The eagle and the condor: Part 3

Aug 3, 2017 | 5 comments

By Louis Bourgeois

Nearing the end of my first six months of life in Cuenca, I was ready to look for a country house to rent. I had decided to live in a pueblo on the west side of Cuenca, up in the hills above the basin.

In my morning walks along the Rio Tomebamba I had befriended a local woman who was a regular at the bailoterapia (dance therapy) class, and she recommended that I take the bus to Rio Amarillo, where she lived, and then walk around and ask locals if they knew of a house for rent.

Here was my opportunity to put my faith in the prophecy of the eagle and the condor to the test.

I followed the advise of my friend, taking the bus to its end in Sayausi where I began to walk up a winding road into a heavily forested area. I marveled at the tranquility of the place and the people. The local industry of this area is the manufacture of bricks, called ladrillas, and I was fascinated with every aspect of this work. Over time, I would see the process in every detail as the country house that I found had one of these businesses directly across the street — but I am getting ahead of myself.

I asked the locals I met in Rio Amarillo if they knew of any houses to rent in the area. At first, there was no helpful information other than the suggestion that I continue walking the road until I came to a church. As I made a turn and began walking down hill toward the pueblo of San Jose de Balzay, locals kept referring to the church.


This boy took me to meet his mother, Rosa, and soon I was talking about renting her house. When she showed me the house — really just a shell of a house — my imagination could see it completed, with my gardens and front courtyard.  Rosa told me what she would want for rent, $125, and after just a moments hesitation I told her my proposal. I would rent the house for two years, paying $175 per month the first year, and $200 each month the second year.  Plus I would pay to build the front wall, creating the courtyard, as well as a stockade fence around the rest of the property, creating my garden space. I agreed to give her the first year’s rent in advance, as she could not finish the work on the house without it.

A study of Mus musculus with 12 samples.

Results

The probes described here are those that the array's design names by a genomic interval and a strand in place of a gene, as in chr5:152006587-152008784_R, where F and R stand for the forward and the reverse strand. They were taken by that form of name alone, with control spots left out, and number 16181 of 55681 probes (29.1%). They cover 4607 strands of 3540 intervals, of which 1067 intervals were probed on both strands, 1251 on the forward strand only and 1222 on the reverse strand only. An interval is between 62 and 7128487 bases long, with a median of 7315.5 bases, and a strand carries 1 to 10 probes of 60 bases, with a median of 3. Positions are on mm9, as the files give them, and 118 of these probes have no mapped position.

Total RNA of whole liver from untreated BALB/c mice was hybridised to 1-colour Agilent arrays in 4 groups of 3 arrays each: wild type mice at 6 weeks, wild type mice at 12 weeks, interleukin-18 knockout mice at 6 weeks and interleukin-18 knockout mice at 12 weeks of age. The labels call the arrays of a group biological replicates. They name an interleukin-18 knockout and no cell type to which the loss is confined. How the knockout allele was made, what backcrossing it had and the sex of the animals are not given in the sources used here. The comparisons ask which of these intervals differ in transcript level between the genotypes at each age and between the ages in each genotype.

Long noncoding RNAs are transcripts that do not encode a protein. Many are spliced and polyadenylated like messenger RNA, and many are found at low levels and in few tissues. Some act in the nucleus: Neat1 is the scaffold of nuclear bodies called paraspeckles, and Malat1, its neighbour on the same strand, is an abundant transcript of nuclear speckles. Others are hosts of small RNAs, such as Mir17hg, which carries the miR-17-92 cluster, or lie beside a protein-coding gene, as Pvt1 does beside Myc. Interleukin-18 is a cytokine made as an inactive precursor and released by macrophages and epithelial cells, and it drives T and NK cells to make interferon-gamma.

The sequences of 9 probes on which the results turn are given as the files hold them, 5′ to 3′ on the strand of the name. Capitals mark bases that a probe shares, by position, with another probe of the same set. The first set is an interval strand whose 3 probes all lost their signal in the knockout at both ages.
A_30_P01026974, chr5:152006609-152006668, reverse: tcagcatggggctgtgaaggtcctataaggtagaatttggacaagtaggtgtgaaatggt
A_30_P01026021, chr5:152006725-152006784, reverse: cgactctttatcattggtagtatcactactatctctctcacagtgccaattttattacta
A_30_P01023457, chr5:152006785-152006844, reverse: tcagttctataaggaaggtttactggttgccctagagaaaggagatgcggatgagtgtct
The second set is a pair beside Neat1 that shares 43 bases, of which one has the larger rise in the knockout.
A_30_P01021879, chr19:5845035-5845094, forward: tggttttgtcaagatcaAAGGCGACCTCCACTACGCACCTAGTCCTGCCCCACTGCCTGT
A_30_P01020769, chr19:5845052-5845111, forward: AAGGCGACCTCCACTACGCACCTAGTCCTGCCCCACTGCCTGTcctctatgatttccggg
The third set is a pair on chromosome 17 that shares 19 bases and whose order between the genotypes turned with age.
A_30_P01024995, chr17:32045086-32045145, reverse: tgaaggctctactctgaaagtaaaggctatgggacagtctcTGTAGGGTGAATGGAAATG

I was returning to the U.S. for the last year of my 6-year contract managing a flower farm and wedding venue in Minnesota, a job that had supported my exploration of Latin America.  I worked from mid-May through mid-October, having the winter free to travel. Rosa promised me that she would have the house ready for me when I returned in October of that year.

I was delighted beyond any expectations I could have projected onto my quest. I saw how magical life could be if it was built on a foundation of trust. My faith in the local people, my desire to live among them in this little pueblo, was being rewarded with a remarkable outcome. I had a great expectation that my time in San Jose de Balzay would be the turning point of my life.  I was ready to go back to the U.S. and say goodbye.